Microsoft has discontinued support for PostScript Type 1 font, a move that marks the end of an era in desktop publishing and potentially brings complications for users of older files.
Notably, Microsoft 365 for Mac withdrew Type 1 font support in a recent update for Word, Excel, PowerPoint, OneNote, and Outlook for Mac. The development follows Adobe’s discontinuation of PostScript Type 1 font in January 2023.
Likewise, LibreOffice, commonly used for accessing ancient Word documents, terminated Type 1 fonts support in their 5.3 release in mid-2022.
PostScript fonts are intrinsic to understanding the history of desktop publishing. Type 1 fonts, a subset of PostScript fonts, were the choice for professional desktop publishers from the 80s to the early 2000s.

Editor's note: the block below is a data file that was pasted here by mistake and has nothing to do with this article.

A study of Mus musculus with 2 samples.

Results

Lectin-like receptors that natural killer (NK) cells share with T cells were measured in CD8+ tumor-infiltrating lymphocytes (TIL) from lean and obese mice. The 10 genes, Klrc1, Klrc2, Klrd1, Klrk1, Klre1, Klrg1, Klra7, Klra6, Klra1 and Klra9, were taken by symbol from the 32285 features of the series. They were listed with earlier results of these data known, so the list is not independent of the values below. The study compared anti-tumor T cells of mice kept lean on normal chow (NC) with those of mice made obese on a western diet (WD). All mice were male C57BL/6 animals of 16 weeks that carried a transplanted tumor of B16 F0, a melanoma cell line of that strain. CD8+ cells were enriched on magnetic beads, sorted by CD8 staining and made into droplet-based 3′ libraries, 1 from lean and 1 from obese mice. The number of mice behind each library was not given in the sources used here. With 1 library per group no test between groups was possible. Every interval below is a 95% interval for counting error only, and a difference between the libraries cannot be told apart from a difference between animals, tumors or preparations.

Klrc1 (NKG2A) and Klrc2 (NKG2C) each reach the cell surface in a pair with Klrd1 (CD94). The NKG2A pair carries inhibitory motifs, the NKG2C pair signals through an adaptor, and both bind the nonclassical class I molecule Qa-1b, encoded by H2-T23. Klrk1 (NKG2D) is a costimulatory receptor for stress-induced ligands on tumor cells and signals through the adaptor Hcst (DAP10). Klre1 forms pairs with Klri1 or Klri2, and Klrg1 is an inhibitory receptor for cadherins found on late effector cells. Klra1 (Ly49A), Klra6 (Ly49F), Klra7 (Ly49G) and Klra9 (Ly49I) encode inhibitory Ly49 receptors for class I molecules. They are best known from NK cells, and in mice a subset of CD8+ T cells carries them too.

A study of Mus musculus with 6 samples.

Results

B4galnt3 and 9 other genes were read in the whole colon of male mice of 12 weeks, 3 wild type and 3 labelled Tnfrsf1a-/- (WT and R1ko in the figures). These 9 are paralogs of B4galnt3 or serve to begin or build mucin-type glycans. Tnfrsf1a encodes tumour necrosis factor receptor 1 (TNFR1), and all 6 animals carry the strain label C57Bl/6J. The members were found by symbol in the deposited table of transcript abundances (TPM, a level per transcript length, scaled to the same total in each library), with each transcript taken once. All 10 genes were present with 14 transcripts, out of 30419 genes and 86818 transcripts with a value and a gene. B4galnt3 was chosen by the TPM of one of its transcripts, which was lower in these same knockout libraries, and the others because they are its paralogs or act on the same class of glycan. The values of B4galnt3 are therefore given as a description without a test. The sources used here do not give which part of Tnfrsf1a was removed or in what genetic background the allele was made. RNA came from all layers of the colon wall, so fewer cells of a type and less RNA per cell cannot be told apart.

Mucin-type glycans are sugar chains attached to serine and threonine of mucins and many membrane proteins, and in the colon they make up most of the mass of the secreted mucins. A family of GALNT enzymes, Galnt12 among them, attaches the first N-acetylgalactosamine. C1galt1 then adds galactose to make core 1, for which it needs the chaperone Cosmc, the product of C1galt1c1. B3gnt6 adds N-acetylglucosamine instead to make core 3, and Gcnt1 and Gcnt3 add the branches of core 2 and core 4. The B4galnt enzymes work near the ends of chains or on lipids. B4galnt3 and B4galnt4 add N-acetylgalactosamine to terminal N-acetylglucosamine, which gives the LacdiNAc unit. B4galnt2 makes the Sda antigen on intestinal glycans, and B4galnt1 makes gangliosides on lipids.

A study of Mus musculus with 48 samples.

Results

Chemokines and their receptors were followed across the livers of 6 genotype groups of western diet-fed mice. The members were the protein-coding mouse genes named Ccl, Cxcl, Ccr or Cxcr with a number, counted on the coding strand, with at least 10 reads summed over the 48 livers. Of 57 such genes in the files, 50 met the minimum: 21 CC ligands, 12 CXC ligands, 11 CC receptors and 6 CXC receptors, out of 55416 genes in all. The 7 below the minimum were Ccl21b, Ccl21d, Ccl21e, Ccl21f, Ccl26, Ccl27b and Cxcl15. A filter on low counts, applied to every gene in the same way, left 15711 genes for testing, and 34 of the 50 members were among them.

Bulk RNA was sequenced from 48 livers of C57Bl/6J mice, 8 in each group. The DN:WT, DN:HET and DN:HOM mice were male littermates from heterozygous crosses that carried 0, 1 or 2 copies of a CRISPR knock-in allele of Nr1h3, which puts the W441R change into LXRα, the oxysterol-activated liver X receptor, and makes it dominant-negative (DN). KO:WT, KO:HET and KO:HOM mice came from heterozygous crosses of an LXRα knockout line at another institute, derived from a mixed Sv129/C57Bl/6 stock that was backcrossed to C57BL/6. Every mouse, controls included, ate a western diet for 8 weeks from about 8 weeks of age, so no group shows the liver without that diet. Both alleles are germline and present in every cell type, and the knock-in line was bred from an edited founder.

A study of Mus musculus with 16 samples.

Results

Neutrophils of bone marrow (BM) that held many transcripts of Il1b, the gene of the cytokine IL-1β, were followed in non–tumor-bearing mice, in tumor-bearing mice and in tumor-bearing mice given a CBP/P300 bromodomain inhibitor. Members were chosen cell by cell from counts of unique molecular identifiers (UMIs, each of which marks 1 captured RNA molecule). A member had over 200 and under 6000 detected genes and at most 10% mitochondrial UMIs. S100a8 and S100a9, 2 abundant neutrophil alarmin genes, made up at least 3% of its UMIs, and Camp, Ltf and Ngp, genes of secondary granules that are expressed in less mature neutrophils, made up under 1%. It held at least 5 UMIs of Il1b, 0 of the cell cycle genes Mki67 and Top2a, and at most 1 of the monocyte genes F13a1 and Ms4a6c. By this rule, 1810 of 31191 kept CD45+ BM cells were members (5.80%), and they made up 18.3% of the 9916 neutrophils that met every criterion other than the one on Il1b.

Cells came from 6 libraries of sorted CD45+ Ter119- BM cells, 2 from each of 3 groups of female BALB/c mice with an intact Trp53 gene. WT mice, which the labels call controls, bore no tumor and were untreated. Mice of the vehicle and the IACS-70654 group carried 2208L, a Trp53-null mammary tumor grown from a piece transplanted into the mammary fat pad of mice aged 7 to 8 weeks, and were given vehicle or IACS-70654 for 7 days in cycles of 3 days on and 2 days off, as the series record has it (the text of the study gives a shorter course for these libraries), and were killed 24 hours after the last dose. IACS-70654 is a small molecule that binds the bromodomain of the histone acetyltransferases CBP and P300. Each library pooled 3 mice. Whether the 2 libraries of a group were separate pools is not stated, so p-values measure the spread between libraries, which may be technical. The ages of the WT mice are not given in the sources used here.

Adobe was not the only player in the field of vector-based fonts. Apple created the TrueType format in the early 90s, which was later licensed to Microsoft. Adobe and Microsoft subsequently cooperated on the OpenType font, a new format intending to replace both TrueType and PostScript Type 1 font.
The move might not significantly affect users solely dependent on default fonts or Adobe’s extensive font library. However, it does pose a substantial inconvenience for those who meticulously manage their fonts, and rely on the same ones, consistently.
In the decision aftermath, users will no longer be able to view documents that used Type 1 fonts, as intended. Older files that utilize Type 1 fonts may receive missing fonts notifications, and font substitution attempts could introduce layout issues. In addition, users may need to convert their specialized PostScript Type 1 font or purchase an equivalent OpenType version.
Adobe reassures that PDF and EPS files formatted in Type 1 fonts will retain their appearance, provided fonts are placed for display or printing as graphic elements. However, users will have to compromise the text editability.